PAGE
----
The Importance of Partners

As we continue to walk out our recovery journeys, one thing will certainly become
readily apparent: we were not meant to walk this road alone. “Though one may be
overpowered by another, two can withstand him. And a threefold cord is not quickly
broken,” (Ecclesiastes 4:12 NKJV).

As it was when I would go out on patrol, partners are essential for safely
navigating the uncertainties that we face each day. While single/solo patrols have
become more and more common, we certainly cannot afford to “go it alone” when it
comes to recovery; there are far too many way in which we could be tripped up or
overcome. Not only do partners provide another set of eyes (or in my case eyes,
ears & teeth); providing a better overall situational awareness, they can also
provide lifesaving warning to dangers coming at us from a ‘blind spot’.

Although it was not a life-or-death situation, I had this concept reinforced for me
just yesterday when I went out for a run in the woods. I was out running by myself
when I heard barking coming through the woods. I immediately recognized the
all-too-familiar sounds of a kennel and had to investigate. I located a tree-strewn
path that led me up a steep hill and was rewarded with the sight of our local K-9
kennels. After briefly speaking with one of the Handlers who was taking his dog out
for training, I headed back down the trail to where I could resume my run. I was
feeling good after seeing the dogs and, as a result, was feeling a bit energized and
overconfident as I ran down the steep, unfamiliar trail. Unfortunately, I did not
have anyone with me to reign in my enthusiasm and I managed to step into an unseen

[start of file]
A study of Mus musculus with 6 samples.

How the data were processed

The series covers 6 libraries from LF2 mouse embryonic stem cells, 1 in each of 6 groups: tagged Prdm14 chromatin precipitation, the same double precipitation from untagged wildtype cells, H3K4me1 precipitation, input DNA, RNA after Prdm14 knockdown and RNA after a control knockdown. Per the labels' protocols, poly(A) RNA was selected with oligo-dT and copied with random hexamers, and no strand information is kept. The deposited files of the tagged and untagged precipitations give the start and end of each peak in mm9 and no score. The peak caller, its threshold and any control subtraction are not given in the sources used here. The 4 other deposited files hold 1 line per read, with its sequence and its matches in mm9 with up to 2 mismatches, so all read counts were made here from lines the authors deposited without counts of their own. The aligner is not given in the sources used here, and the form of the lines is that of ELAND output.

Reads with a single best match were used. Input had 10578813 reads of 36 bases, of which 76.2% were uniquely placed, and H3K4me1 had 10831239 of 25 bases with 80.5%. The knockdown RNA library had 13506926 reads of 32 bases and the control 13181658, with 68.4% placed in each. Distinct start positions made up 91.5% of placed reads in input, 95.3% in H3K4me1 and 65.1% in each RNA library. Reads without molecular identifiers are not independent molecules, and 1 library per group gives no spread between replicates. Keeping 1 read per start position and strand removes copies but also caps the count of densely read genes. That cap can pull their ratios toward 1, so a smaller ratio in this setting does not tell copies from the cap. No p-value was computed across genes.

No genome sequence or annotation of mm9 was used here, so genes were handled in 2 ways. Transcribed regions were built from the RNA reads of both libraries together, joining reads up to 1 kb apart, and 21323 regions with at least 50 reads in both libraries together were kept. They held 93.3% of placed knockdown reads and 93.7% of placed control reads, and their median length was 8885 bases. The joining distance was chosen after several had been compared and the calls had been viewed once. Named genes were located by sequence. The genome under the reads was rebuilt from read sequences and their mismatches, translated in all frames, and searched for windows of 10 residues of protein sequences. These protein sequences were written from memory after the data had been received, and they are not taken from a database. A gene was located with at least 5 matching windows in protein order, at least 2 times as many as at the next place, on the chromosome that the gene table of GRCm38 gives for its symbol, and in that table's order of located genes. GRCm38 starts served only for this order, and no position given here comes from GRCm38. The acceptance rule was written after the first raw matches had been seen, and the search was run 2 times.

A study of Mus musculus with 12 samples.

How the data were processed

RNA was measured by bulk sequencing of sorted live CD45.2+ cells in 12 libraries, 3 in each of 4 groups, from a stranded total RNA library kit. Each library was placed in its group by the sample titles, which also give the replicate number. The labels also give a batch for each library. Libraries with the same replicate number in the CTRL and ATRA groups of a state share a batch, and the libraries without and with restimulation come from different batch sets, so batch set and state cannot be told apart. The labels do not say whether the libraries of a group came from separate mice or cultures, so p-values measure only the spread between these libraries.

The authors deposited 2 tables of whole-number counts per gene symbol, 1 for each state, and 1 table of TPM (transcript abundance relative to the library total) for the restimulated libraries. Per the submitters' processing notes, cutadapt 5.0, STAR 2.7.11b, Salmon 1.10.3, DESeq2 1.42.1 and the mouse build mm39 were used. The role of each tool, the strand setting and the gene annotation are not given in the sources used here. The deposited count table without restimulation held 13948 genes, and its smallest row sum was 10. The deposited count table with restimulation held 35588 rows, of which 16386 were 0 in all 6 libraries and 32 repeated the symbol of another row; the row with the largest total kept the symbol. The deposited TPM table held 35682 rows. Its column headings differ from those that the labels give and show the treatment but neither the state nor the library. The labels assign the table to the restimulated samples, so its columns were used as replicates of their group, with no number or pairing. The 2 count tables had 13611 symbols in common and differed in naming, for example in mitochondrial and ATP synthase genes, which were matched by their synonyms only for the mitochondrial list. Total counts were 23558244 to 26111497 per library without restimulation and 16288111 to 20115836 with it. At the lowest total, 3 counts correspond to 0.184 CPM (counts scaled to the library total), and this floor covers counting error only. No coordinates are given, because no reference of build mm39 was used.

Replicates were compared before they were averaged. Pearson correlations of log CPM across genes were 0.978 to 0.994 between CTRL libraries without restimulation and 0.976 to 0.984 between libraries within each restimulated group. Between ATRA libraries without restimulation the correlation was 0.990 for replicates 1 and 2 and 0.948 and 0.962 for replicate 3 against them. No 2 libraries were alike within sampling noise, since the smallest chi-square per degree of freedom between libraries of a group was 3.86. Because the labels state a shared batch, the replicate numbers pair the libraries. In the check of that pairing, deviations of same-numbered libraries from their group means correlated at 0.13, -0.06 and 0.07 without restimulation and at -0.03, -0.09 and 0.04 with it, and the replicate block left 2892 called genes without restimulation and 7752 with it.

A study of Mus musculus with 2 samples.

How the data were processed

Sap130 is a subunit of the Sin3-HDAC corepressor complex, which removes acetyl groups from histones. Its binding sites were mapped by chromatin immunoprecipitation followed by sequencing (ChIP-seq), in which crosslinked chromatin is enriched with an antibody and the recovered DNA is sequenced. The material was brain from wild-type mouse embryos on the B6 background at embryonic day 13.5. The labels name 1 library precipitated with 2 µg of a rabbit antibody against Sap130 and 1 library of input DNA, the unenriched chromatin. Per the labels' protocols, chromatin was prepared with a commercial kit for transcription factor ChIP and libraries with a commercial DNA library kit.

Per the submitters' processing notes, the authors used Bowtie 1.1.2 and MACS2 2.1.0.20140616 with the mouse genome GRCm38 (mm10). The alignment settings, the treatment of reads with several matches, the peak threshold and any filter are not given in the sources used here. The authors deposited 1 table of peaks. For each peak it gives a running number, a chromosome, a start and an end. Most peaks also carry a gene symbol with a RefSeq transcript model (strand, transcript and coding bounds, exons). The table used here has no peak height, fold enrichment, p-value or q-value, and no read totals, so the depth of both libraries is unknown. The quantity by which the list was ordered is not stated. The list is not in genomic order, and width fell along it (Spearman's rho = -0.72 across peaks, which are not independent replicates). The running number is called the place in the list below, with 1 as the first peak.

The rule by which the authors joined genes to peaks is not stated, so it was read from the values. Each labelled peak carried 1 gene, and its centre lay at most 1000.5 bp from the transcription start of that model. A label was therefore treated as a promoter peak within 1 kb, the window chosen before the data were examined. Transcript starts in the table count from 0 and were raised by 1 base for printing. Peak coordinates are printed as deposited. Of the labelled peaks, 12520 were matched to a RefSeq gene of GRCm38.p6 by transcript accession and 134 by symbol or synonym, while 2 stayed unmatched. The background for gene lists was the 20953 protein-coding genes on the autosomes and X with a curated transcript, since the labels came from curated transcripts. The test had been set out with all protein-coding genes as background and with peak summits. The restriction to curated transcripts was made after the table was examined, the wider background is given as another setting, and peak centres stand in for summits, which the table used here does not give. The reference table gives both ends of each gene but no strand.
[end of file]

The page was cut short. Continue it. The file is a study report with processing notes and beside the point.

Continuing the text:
hole, badly twisting my ankle which delayed and complicated the completion of my
run. In this instance, a partner could have provided a word of caution or, in case I
ignored their warnings and still injured myself, assisted in completion of task
following injury.

This is just as true when it comes to our recovery journey. Partners may be able to
keep us from becoming overconfident in our own abilities (and progress) and provide
us with necessary warnings to keep us from experiencing setbacks and potentially
giving up altogether. Likewise, when we ignore those warnings and end up falling,
they can be there to help us back up on our feet and back into the fight: “Two are
better than one, because they have a good reward for their labor. For if they fall,
one will lift up his companion. But woe to him who is alone when he falls, for he
has no one to help him up,” (Ecclesiastes 4:9 & 10 NKJV).

Over the years of doing our jobs, we have developed the ability to trust our
instincts; when something does not see right, it usually isn’t… However, there
are those occasions when our judgment and instincts can become clouded and not fully
functional for one reason or another. It is during these times that a partner can
be a true blessing and it is imperative that we have learned to trust our partner
since our very lives could depend upon this relationship.

If we try to work through our recovery issues alone, we will most certainly come up
against situations against which we may not be fully prepared to stand on our own.
Relying on a godly accountability partner, sponsor, spouse, or friend can often make
the difference between successfully navigating the perils of recovery rather than
succumbing to the wiles of the enemy. Sometimes out partners must be blunt and
forceful in order to get our attention, rather than just going along with our
desires in order to ‘keep the peace’ just as we are told in the Bible: “Faithful
are the wounds of a friend, but the kisses of an enemy are deceitful,” (Proverbs
27:6 NKJV).

Taking Every Thought Captive!

Scott Pipenhagen
Recovery / Transition Chaplain
Serve & Protect
2 Corinthians 1:3-4


Scott is a retired Military LEO and a Volunteer Chaplain with Serve & Protect (www.serveprotect.org) where he seeks to provide transition services for First Responders and Military personnel by mentoring and connecting them with local 12 Step or similar Faith-Based recovery programs, local Chaplains, and Trauma Therapists to continue their recovery journey following residential care treatment. Scott contributes these devotions to the Serve & Protect ministry Facebook page: Guns'n'Hoses (https://www.facebook.com/GunsHosesMinistry). Scott has been involved in Faith-Based recovery programs since 2006 and has a Bachelor of Science in Religion through Liberty University and a Master of Arts in Theological Studies through Liberty University Baptist Theological Seminary. He currently resides in Fredericksburg, VA, and can be contacted at spipenhagen@liberty.edu.